Photo from LaFuente.com

Photo from LaFuente.com

We’ll start with a classic Mexican talavera planter to give your deck or patio a touch of vivid south-of-the-border color. Sit by it with a cold Pacifico and imagine you’re co-starring with Jessica Alba in the new Roberto Rodriguez film Machete about a Mexican Federale on a rampage in Texas.

I absolutely love, love, love these planters shaped liked human heads. They’re like a Chia Head with class. I’m going to put one on my porch, plant it with sweet potato vine and watch the chartreuse vegetable tresses take over the front of the house, like a garden Rapunzel.

Pantone was late to the party naming turquoise color of the year for 2010. Turquoise has been hot for a millennium. Just ask the Spanish Moors who painted window frames and door jambs turquoise to keep evil spirits away. It’s a custom followed to this day in the adobe homes of New Mexico. Since I don’t have a house in New Mexico anymore and I couldn’t enter Dream Home 2010 and win one, I’m looking for ways to put turquoise in my life. This mildew-resistant, Op-Art inspired outdoor rug by Koko Trends would be perfect for my deck. It’s sleek, modern and if I spill my margarita on it, I can just hose it off. How perfect is that?

Everybody needs a three-foot long brass alligator sculpture in their yard. Put it next to the plant head so the neighbors start referring to your place as the “house with the goofy stuff in the yard.”

Here’s my ideal outdoor room: Frida Kahlo’s spectacular courtyard and garden at Casa Azul (Blue House) in Mexico City. Here’s another view of Kahlo’s digs. This was Kahlo’s parents’ home. Once she inherited it, she liberated it of fuddy duddy mom-and-dadism by covering the place in a coat of brilliant blue paint and turning peacocks loose in the courtyard. Not a shabby chic fan, that Frida. Check out this video of the patio at Casa Azul:



Design Inspiration

7 Responses

  1. Artist says:

    Even the winter can be colorful. I'm just now painting the wintery landscape of Santa Fe. It's colorful in its way.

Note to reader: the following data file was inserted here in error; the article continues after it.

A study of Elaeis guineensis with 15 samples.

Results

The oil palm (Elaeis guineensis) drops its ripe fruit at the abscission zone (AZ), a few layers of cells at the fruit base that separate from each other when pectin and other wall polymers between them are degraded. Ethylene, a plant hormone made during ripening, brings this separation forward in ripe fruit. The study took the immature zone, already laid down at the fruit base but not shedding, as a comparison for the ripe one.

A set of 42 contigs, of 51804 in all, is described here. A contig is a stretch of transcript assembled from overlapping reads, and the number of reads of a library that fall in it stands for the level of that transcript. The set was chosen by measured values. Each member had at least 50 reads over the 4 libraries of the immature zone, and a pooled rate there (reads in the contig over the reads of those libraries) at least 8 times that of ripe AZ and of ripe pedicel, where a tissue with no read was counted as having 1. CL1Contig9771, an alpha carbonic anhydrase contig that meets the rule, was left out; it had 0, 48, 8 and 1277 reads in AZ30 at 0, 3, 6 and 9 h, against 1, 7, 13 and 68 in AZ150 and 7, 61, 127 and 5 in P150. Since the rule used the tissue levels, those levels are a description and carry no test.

• Leanne Potts says:

      Artist: I used to live in northern New Mexico, and yes, the high desert is colorful in winter. Back east, where I am now, winter's as gray as Dorothy's Kansas in the opening of "The Wizard of Oz."

  2. S. Malone says:

    Thank you so much for this article. For some time I have saved a picture of the planter heads in my computer as an idea that I wanted to try but I had lost the link to the website. You reunited me with it's source so now I will be able to order them. We are purchasing a house with a hillside covered with trees, bushes and groundcover. They will be perfect hilside guardians for thegrandkids to discover as they explore the property. Love, HGTV for your celebration of creativity. Keep up the good work.

  3. SweetWilliamNow says:

    Gee, so much stuff; love the humanoid-head-planters. I suggest making one the centerpiece of a zen garden.

  4. Lara says:

    Looks like the human head planters are a clear winner. I'm thinking they might be perfect for my front porch.

  5. Nancy Losee says:

    Just a note of caution these planters do not do well left outside during the winter. We live on the coast in the southeast of North Carolina. I had two of these planters and both cracked and chipped. One was too big to move. I loved the great color though.

  6. Lisa E. says:

    Oh my goodness, I also really love those head planters. They are pricey, but so amazing! I would probably keep mine in the sunroom, so they would last long enough to justify the cost…right? Thanks for the link to those, I would have never found them otherwise!